Americans Likely to Keep Cell Phones, Protect Retirement in Financial Pinch

Steven Bobson, Europe & Americas Editor
April 11, 2012 /

To contend with a financial crunch, Americans would rather change what they eat than give up their cell phones, downloads or digital TV services, according to a new survey conducted for the American Institute of CPAs by Harris Interactive for National Financial Literacy Month.

In the national telephone poll, 1,005 adults were asked to select the one action they would most likely take in a financial pinch. Forty-one percent of adults would cut back on eating out, making it the most popular action. Twenty percent said they would cut off cable TV, 8 percent said they would end cell phone service and another 8 percent said they would stop downloading songs and digital products.

Only a small number would take actions that could hurt their long-term financial well-being, with 2 percent saying they would stop contributions to retirement accounts, 1 percent choosing to skip utility payments and 1 percent putting off rent or mortgage payments.

“Financial success depends on setting clear goals and priorities and sticking with them in good times and bad,” said Jordan Amin, chair of the National CPA Financial Literacy Commission.

“While it’s clear that Americans’ priorities are changing, these results suggest that in tight times they won’t jeopardize tomorrow to deal with the financial challenges.”

The results come as 94 percent of American adults said they have financial concerns of one sort or another. Four in 10 adults, 41 percent, identified basic living expenses—including the cost of gas, uninsured medical expenses and lack of emergency savings—as their top financial concern. A quarter, 27 percent, said their main concerns are related to long-term goals, such as paying for education and saving for retirement. Worries about jobs, homes and caring for aging parents rounded out the list.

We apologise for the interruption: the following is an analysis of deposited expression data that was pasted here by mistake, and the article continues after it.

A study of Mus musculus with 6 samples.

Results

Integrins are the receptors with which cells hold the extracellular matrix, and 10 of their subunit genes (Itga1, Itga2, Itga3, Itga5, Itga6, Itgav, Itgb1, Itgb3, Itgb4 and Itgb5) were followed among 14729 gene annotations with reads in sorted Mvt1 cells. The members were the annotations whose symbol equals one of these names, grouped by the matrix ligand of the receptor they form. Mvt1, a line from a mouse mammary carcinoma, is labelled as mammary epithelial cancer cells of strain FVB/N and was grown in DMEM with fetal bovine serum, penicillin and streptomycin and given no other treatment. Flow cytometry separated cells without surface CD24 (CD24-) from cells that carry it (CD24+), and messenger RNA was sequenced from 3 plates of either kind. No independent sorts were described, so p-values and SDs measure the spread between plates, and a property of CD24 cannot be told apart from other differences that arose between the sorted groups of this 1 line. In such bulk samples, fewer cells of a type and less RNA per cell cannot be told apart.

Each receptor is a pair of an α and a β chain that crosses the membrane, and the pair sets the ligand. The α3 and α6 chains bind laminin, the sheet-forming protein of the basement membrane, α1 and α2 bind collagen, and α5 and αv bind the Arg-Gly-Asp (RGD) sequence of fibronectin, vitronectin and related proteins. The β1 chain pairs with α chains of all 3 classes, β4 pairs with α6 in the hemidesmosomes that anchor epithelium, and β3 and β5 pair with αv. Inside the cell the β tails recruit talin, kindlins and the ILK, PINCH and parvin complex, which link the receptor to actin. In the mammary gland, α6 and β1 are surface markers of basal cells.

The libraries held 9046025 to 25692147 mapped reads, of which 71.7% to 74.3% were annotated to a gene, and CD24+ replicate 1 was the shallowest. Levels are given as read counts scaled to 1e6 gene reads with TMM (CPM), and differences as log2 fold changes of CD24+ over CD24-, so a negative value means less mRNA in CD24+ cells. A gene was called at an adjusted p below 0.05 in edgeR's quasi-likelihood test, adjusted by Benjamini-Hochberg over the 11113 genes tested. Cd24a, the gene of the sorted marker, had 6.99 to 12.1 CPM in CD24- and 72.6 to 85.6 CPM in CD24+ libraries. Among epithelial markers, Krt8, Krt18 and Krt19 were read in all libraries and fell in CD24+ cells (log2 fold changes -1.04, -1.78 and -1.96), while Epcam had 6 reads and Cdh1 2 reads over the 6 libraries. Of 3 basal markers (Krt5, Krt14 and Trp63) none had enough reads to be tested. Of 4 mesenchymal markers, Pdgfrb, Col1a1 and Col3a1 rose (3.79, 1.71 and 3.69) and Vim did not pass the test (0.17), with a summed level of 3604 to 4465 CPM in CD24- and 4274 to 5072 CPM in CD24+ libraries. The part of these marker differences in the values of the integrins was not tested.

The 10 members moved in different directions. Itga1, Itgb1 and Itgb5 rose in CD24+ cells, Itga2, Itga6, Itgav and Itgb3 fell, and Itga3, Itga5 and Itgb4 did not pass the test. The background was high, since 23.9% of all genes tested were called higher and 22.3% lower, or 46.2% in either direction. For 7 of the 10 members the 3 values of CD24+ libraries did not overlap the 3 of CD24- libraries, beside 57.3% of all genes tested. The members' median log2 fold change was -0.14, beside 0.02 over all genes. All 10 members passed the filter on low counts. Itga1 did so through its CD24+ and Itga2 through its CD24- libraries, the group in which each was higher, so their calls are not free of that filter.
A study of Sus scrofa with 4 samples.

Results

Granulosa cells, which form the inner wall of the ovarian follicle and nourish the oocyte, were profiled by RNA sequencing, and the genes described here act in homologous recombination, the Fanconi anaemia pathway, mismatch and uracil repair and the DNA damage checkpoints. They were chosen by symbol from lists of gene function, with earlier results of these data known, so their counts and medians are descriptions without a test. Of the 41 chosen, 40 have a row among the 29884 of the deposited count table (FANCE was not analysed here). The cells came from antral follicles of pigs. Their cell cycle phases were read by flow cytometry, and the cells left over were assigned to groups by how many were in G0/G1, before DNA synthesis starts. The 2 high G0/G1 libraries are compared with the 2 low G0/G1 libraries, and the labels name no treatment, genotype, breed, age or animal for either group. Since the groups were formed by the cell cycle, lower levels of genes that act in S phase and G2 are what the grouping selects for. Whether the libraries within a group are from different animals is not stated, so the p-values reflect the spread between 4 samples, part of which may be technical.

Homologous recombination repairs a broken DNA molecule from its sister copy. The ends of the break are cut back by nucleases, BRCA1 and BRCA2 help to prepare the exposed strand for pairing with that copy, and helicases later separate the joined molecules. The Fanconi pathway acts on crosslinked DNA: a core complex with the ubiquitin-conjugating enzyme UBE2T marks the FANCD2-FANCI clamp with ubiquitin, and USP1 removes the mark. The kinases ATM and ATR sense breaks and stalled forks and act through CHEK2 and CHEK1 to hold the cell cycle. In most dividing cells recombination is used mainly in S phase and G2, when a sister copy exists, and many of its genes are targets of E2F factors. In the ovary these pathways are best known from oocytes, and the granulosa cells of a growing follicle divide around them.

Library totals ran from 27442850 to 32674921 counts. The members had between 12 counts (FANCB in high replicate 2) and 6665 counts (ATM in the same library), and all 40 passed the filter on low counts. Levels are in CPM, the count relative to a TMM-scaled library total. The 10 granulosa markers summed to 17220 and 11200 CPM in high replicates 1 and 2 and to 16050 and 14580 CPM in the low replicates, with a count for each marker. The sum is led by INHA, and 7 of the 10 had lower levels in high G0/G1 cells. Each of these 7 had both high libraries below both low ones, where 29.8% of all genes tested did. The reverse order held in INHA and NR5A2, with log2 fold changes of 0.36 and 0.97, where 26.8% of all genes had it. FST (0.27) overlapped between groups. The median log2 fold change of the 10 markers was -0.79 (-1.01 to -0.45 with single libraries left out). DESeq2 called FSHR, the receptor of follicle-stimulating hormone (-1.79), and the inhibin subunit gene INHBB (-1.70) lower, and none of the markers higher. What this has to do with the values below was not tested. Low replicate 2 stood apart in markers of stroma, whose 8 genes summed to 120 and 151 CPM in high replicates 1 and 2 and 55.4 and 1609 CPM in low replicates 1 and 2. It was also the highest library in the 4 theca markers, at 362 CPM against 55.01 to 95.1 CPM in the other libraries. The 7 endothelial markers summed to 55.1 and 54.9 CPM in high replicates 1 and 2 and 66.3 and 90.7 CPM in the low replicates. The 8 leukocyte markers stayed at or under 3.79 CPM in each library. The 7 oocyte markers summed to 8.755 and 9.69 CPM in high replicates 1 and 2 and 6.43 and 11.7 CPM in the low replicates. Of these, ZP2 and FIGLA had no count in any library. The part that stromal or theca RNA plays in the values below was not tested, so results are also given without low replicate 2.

“For the first time in three years gas prices—not retirement—is the top financial concern in America,” Amin said.

“Every time we fill up we’re reminded that the cost of living is higher. Budgeting is key to ensure that we make it through these challenges and focus on long-term goals.”

The CPA profession has a comprehensive financial literacy program—360 Degrees of Financial Literacy—to help Americans achieve long-term financial success. A robust Web site ( is the centerpiece of the program with tools, calculators and advice to help Americans understand and manage their financial needs during 10 life stages, from childhood to retirement.

Since 2007, the AICPA has conducted an annual survey of Americans to determine their top financial concerns and assess their financial well-being.

In 2011, Americans were almost twice as likely to say they were “worse off,” 29 percent, than “better off,” 16 percent, compared to the year prior. Today, they are as likely to say they are better off, 24 percent, as worse off, 23 percent.

Just more than half of Americans, 53 percent, report that they are in the same financial position as they were the prior year.

More than a third of adults aged 18-44, 35 percent, say their financial situation has improved over the past year, compared with fewer than 2 in 10 older adults, 13 percent.

Almost a third of college graduates, 31 percent, are better off today, compared with just a fifth, 22 percent, of those who have not completed college.

Harris Interactive conducted the telephone survey on behalf of the American Institute of CPAs within the United States between March 8 and March 11, reaching a nationally representative sample of 1,005 adults aged 18 and older by landline and mobile phone.